Report: Favourable Crypto Reviews Often Bought

That favourable review of a favourite cryptocurrency project was likely bought, Reuters is reporting today in an extensive exposé.

“Rating ‘experts’ will grade anything positively, for a price,” write the article’s co-authors, Anna Irrera and Elizabeth Dilts.

The two say the story they uncovered in data and documents were confirmed by over two dozen human sources.

A Ukrainian firm looking to sell its new cryptocurrency, for instance, made a list of 200 cryptocurrency social media influencers it could solicit for an endorsement.

The company then paid $7500 to Christopher Greene, who went on to “rave” about the Ukranian coin to his 500 000 followers on YouTube, stating the project has, “huge market opportunity…(and) potential 1000x returns.”

2018 has been a bad year in crypto with very few exceptions. Most coins are now down 90% from last year’s highs.

A yoga instructor in Calgary who bought the Ukrainian coin at Greene’s behest now says he will hold onto it despite losing much of his original investment. “I strongly believe that the cryptocurrency market will rally in the future,” he told Reuters.

In November of last year, the SEC posted a notice on its website warning, “Any celebrity or other individual who promotes a virtual token or coin that is a security must disclose the nature, scope, and amount of compensation received in exchange for the promotion.”

If a project eventually is classed as a security, as many crypto projects likely will be, failing to disclose that an endorsement was bought constitutes a violation of American securities laws.

Until recently, however, many in “the crypto space” believe they are operating in an unregulated sector, and typically don’t care much for the government and/or regulations anyway.

Greene has a disclaimer on his YouTube site acknowledging that he may be paid for an endorsement, but never explicitly told his viewers that he was being paid to review the Ukrainian project.

Would-be crypto investors typically come to rely on a particular influencer for information about the new and technically complex cryptocurrency sector.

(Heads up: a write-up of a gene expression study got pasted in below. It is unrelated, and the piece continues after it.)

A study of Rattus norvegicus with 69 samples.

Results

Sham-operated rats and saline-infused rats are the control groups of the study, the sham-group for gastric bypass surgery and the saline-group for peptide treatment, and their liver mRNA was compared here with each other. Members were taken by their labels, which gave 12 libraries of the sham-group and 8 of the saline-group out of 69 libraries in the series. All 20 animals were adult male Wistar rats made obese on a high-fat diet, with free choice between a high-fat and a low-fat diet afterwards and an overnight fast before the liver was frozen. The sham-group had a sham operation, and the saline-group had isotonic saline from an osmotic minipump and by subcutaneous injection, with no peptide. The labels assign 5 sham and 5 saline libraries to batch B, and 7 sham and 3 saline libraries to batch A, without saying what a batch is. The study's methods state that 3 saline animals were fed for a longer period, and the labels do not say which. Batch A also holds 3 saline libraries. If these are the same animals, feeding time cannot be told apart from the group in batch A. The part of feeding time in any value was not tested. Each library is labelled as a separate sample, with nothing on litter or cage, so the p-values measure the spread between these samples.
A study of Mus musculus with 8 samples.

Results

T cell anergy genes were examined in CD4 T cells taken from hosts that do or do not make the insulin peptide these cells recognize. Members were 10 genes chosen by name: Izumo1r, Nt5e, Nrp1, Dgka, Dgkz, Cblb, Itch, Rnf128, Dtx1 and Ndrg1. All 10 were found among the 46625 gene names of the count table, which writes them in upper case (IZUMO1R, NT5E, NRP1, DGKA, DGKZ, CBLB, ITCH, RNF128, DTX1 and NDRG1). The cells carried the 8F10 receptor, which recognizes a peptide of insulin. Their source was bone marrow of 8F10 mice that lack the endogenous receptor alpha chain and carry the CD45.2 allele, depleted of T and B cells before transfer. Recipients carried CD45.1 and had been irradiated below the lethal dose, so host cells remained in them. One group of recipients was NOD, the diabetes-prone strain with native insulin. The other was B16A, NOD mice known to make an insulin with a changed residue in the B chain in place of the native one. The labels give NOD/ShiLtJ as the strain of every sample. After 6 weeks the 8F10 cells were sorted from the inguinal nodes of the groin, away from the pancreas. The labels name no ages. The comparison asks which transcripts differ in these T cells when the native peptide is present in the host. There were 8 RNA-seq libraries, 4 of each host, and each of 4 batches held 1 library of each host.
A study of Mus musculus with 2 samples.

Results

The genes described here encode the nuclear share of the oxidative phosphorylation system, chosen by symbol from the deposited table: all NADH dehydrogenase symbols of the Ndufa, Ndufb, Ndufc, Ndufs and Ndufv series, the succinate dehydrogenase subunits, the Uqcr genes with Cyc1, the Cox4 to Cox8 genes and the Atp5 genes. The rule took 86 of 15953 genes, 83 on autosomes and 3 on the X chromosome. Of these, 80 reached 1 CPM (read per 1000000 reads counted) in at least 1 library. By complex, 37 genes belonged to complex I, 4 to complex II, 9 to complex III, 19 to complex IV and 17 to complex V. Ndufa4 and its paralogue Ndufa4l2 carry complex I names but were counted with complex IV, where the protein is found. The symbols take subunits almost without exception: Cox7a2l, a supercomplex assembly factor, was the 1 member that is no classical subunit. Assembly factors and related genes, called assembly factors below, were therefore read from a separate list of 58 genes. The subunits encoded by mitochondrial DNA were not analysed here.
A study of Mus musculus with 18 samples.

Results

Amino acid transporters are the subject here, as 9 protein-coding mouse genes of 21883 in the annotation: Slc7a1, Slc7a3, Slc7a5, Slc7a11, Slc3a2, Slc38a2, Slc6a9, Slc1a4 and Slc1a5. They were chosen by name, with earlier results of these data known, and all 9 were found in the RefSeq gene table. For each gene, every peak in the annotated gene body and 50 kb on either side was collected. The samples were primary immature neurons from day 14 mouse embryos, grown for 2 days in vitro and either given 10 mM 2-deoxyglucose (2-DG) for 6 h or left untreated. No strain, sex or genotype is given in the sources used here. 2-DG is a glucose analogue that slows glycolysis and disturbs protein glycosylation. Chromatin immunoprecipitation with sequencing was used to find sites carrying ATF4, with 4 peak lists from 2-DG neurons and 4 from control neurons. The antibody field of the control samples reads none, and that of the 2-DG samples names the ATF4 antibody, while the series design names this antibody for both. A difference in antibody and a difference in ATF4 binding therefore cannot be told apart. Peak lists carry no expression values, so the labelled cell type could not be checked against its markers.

Calling it a “cryptocurrency sector” is no misnomer: most projects sold their fundraising cryptographic tokens without an established prototype or established business model or revenue stream, and many others have failed to deliver a “blockchain-based” product that is an undeniable match for real market demand.

The Swiss startup Alethena cooperated with the Reuters story.

Representatives from Alethena told the reuters that they had been repeatedly approached by solicitors claiming to be from the popular ICO ratings site “ICOBench,” solicitors who said they could- and then did -boost Alethena’s ratings on the site.

ICObench, a company with 34 employees based in Moscow, London and across Asia, claims it does not take payments for favourable reviews, but will post “premium” profiles of ICO projects in its newsletter for between 1 and 40 bitcoins.

Other companies, like Australia-based “Spero” is producing “Wall Street-style” research reports for cryptocurrency/token projects at a fee paid either in ethers or partly in the project’s particular token.

Which depends on, “how good the project (is) and how much we like it personally,” said Spero co-founder, Henry Sit.

Spero, too, uses a general disclosure but does not explicitly state that the report it has produced was paid for by the company under review.

Sit also admitted, “Spero members may hold cryptocurrency that are the subject of research and publication.”

Irrera and Dilts also obtained a copy of an email sent to a crypto data company from someone selling premium article space at Forbes.com for $2500.

Forbes told the Reuters reporters that paid articles violate its editorial policy, but did not furnish its guidelines.

Following Reuters inquiries, Forbes recently removed a cryptocurrency post by reporter Harold Spark.

Forbes said they had already terminated Spark for violating the Forbes editorial policy and said the recent post found by Reuters had reappeared “due to a technical glitch.”